ISBN: 168162611X

ISBN13: 9781681626116

Baby Face Nelson: Portrait of a Public Enemy



Lester Joseph Gillis -- better known to the public and press of the 1930s as Baby Face Nelson -- was one of a succession of public enemies beginning with John Dillinger and progressing to Bonnie and Clyde, Ma Barker, Machine Gun Kelly, and Pretty Boy Floyd. For decades their stories were largely myths, containing a combination of popular folklore and carefuly crafted FBI fables.In recent years historians have generated a more factual look at the life...

Customer Reviews

5 ratings

Best Book

This book is the best book about Baby Face Nelson, I enjoyed reading this book greatly. Everything you wanted to know about Lester Gillis is in this book. Every part of his life was explained in great detail; the authors did not leave anything out. I highly recommend this book to people who are into the depression era gangsters.

What A Way to Live

The era of the depression desperado was a very short lived one, but the authors do a great job researching the life of Lester Gillis, aka Baby Face Nelson. Partners in crime such as John Dillinger, Homer Van Meter, Pretty Boy Floyd, and others are included in this book close to 400 pages long. Don't let the length keep you from reading it, because I believe you will find it hard to put down. I especially enjoyed the lengthy section devoted to the fiasco at the Little Bohemia lodge near Rhinelander, Wisconsin, in which federal agents staged a shootout with gangsters. Gillis (Nelson) was responsible for killing one of the agents while another agent killed an innocent person staying at the lodge he thought was a gangster. In any event, the bad guys escaped and lived to fight another day. The price these men paid for their violent lifestyle showed in the tension they constantly lived under as they covered their tracks to avoid detection from the law. At times they wistfully envied the simpler lifestyles of the common man who had an everyday job. I'm not that familiar with the suburbs north of Chicago, but I was confused when the author mentioned that Niles Center is now Wilmette in the picture section of the book, and then on page 361 Niles Center is referred to now as Skokie. Was Niles Center part of both suburbs? This is a well researched book and easy to read. Make sure you have a good amount of time when you sit down to read it, because you are not going to want to put it down. I highly recommend this book to you.

A very accurate and detailed account.

The image of Baby Face Nelson has been only of a cold-blooded killer without any redeeming qualities. Nickel and Helmer gives us a picture of Nelson as a good family man who did not smoke or gamble, as well as a killer and bank robber. I highly recommend this well-written and easy to read book. I know it is extremely accurate because of my research on my Pretty Boy Floyd book and another book I am working on about the Dillinger gang. It is a long book that goes into great detail, but does not have any unnecessary padding. Much new inormation is given on criminals associated with Nelson such as Thomas Carroll and Homer Van Meter.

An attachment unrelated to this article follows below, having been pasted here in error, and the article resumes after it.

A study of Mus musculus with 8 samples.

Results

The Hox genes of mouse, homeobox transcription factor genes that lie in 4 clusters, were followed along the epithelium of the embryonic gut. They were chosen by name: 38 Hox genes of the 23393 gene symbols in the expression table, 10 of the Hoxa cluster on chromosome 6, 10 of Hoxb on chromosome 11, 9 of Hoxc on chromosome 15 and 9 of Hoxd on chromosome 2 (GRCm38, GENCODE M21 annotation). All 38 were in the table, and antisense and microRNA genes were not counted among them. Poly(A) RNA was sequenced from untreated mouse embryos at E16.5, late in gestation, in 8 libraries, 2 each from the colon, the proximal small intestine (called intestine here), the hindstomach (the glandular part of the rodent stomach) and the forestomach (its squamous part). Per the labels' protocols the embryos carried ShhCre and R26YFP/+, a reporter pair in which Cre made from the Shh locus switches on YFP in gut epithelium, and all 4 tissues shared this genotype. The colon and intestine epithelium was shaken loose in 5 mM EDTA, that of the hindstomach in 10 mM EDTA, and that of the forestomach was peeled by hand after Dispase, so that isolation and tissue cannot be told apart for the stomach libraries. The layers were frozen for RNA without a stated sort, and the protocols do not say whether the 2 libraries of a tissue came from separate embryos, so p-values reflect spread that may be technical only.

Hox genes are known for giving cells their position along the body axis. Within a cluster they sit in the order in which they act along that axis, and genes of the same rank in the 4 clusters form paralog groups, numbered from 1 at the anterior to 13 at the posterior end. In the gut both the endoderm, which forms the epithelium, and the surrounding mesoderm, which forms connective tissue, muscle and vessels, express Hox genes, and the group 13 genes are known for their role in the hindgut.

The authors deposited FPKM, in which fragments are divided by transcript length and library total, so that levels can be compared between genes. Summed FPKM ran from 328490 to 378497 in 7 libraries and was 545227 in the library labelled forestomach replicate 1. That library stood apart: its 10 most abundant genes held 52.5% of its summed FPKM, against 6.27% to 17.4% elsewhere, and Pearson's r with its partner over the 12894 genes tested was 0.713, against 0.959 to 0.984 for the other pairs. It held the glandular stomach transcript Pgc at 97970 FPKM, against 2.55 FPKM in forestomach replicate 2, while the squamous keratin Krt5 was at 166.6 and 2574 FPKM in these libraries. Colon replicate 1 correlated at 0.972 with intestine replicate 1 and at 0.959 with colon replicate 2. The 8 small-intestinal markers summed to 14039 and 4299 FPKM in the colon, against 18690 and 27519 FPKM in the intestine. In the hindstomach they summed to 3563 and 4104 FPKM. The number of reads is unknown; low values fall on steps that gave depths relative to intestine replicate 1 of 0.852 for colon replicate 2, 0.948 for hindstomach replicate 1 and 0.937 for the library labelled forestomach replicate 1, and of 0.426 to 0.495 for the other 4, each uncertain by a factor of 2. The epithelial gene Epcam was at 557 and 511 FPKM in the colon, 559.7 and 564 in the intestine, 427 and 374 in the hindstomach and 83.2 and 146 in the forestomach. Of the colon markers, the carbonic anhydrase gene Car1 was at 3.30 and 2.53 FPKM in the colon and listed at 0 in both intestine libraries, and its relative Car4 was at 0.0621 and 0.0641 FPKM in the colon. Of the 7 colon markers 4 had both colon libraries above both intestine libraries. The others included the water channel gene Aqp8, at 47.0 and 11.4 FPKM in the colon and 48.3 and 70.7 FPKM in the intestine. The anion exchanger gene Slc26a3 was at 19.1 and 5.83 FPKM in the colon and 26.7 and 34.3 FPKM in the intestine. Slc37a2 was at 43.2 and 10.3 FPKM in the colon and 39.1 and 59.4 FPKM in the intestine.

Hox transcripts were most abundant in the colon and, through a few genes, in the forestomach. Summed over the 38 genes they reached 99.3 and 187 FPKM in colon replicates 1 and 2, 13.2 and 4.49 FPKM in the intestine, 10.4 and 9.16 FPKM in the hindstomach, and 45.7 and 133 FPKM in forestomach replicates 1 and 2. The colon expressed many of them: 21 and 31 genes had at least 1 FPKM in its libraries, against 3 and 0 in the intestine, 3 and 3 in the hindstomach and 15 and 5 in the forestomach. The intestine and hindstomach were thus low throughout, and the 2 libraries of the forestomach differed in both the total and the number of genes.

Baby Face-a good read

This is well done, and does include much info not published before. Surprising that someone hadn't done this before 2002. I found a few small errors-typos-dates-addresses, but for a person interested in Baby Face and '30s crime this is a "must have".

The Real Baby Face: It's About Damn Time!

The last few years of the 20th Century saw a wave of revisionist biographies of the so-called "Depression desperados," including Dillinger, Pretty Boy Floyd, Alvin Karpis, Machine Gun Kelly, and, especially, Bonnie and Clyde, resulting in a plethora of new information. But one major figure of the public enemy era has been overlooked until now, or at least relegated to a minor role as Dillinger's most notorious henchman. This is Baby Face Nelson, and Nickel and Helmer, using interviews with surviving witnesses and contemporary sources, including thousands of pages of FBI files, have at long last more than compensated for this. The old "mad dog" stereotype created by J. Edgar Hoover is at last shattered and Lester Gillis, from his birth in Chicago through his years as a teenage car thief and on to bootlegging, bank robbery and partnership with John Dillinger, whom he succeeded as Public Enemy Number One, emerges at last as a real, flesh and blood, three-dimensional person, rather than the cardboard stereotype of the past. He was a complex man, a devoted family man who cared for, and often carried with him on the fugitive trail, his wife, children, and mother, yet capable of unleashing incredible violence. He was a ruthless killer but, contrary to popular belief, never killed without reason and the list of his casualties is incredibly small compared to those of some contemporary criminals (Clyde Barrow and Pretty Boy Floyd, for example). Nelson committed only one of the seven murders attributed to the Dillinger gang but the victim was an FBI agent, thus singling out Baby Face as a special target of not only FBI bullets but J. Edgar Hoover's special wrath as well, and Hoover turned him into a gun wielding maniac. Newspapers noted Nelson's resemblance to Jimmy Cagney and transformed him into the caricature of a movie gangster. In contrast to this image, Lester Gillis, aka Baby Face Nelson, neither drank nor smoked, or even cheated on his wife, but preferred to spend his after hours time with his family, in itself an incredible story of domestic life on the run. Check it out. This is one fascinating bio, with lots of surprises.